RALEIGH, N.C. — The voting-machine makers that aim to sell their systems in North Carolina are largely owned by private equity firms that don’t disclose their investors.
The companies didn’t want the public to know even that much.
North Carolina’s statewide elections board demanded the machine-makers’ ownership information last month after special counsel Robert Mueller’s April report into Russian efforts to sway the 2016 presidential election. Their concerns about potential foreign interference have grown since Maryland officials learned last year that a company maintaining that state’s election infrastructure did not disclose its financing by a venture fund whose largest investor is a Russian oligarch.
The private-equity backers of the three voting systems vendors seeking approval to sell to county elections boards in North Carolina told The Associated Press they’re controlled by U.S. citizens. They claimed they have no ties to foreign oligarchs or other nefarious persons facing financial sanctions by Washington. But they didn’t provide information about the sources of the money they invest. And they asked the board not to share what they did disclose with the public.
The elections board released the companies’ responses — as required by law — under a public records request from The AP.
Election security watchdogs remain frustrated.
“The answer that we all really want is, is there foreign influence over the companies that make equipment that’s used in our elections? We didn’t get that answer, because the actual influence is obfuscated behind the private equity firms,” said Maurice Turner, who focuses on election security at the Center for Democracy & Technology in Washington, D.C.
North Carolina — the country’s ninth largest state by population — is heating up as a market for voting equipment because the state has required touchscreen-only systems to be replaced after November with equipment that produces a paper record. The change will affect machines in about a third of the state’s 100 counties. New voting systems purchased from approved companies could be in use for a decade.
The three companies — Omaha, Nebraska-based Election Systems & Software; Boston-based Clear Ballot; and Austin, Texas-based Hart InterCivic — were told to disclose anyone holding a 5 percent or greater stake, or in a parent company or any subsidiaries.
All three private companies responded by listing their executives and equity funds as chief owners. And all three asked that even these responses be kept confidential.
Hart InterCivic said that it “derives independent actual value from this information not being generally known or readily ascertainable and makes reasonable efforts to maintain the secrecy of this information.”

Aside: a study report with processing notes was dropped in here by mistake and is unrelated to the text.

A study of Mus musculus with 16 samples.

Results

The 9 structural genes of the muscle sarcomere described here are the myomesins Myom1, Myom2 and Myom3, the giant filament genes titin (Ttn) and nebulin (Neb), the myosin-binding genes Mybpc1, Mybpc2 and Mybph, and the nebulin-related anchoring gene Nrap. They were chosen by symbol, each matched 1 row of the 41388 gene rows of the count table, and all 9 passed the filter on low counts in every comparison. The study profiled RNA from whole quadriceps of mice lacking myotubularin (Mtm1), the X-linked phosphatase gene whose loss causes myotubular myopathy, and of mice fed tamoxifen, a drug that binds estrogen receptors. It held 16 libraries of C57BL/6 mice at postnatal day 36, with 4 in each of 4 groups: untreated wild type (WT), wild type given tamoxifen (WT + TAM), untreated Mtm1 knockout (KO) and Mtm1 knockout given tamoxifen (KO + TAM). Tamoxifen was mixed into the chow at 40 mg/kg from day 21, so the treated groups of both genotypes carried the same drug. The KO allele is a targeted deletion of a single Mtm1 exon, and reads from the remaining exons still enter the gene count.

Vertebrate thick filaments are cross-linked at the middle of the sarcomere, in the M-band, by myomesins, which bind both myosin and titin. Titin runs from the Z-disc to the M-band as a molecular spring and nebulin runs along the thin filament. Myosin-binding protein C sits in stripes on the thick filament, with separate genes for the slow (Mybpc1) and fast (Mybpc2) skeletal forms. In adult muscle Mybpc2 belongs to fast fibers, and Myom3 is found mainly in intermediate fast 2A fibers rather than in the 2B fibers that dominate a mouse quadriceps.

Election Systems & Software did disclose that it is controlled through an intermediary company by McCarthy Group, a private equity firm also based in Omaha. The CEO and chief financial officer of ES&S own smaller stakes.
Hart InterCivic said nearly 80 percent of its ownership is held through an intermediary company by H.I.G. Capital, a Miami, Florida-based private equity firm. Gregg L. Burt, Hart’s board chairman and former CEO and the founder of his own Austin-based private equity firm, owns another 10.5%, the company disclosed.
Clear Ballot founders Larry Moore and Tim Halvorsen, later investor Steven Papa and Raging Capital Opportunity Fund V LLC all own more than 5 percent stakes, the election systems maker said, without detailing each owner’s share. The company said that neither the fund nor any individual invested in the fund controlled by Rocky Hill, New Jersey-based Raging Capital Management owns a controlling interest in Clear Ballot Group.
The board hasn’t scheduled a hearing to review the responses.
While election experts knew generally that the machine-makers had private equity backing, the scope of that ownership is now clearer because of North Carolina’s query, something few if any other states have demanded previously, Turner said.
Turner says the back-and-forth shows that the federal government is better equipped than states are when it comes to trying to determine who really controls the handful of U.S. election-equipment makers. Washington should take on this task, to protect confidence in the country’s voting system, Turner said.
“It’s hard to think of many services that are of greater public importance than running our elections,” said Lawrence Norden, an expert on voting machines with the Brennan Center for Justice at New York University’s law school. “The public should know who is doing that and who has control over the companies that are doing that.”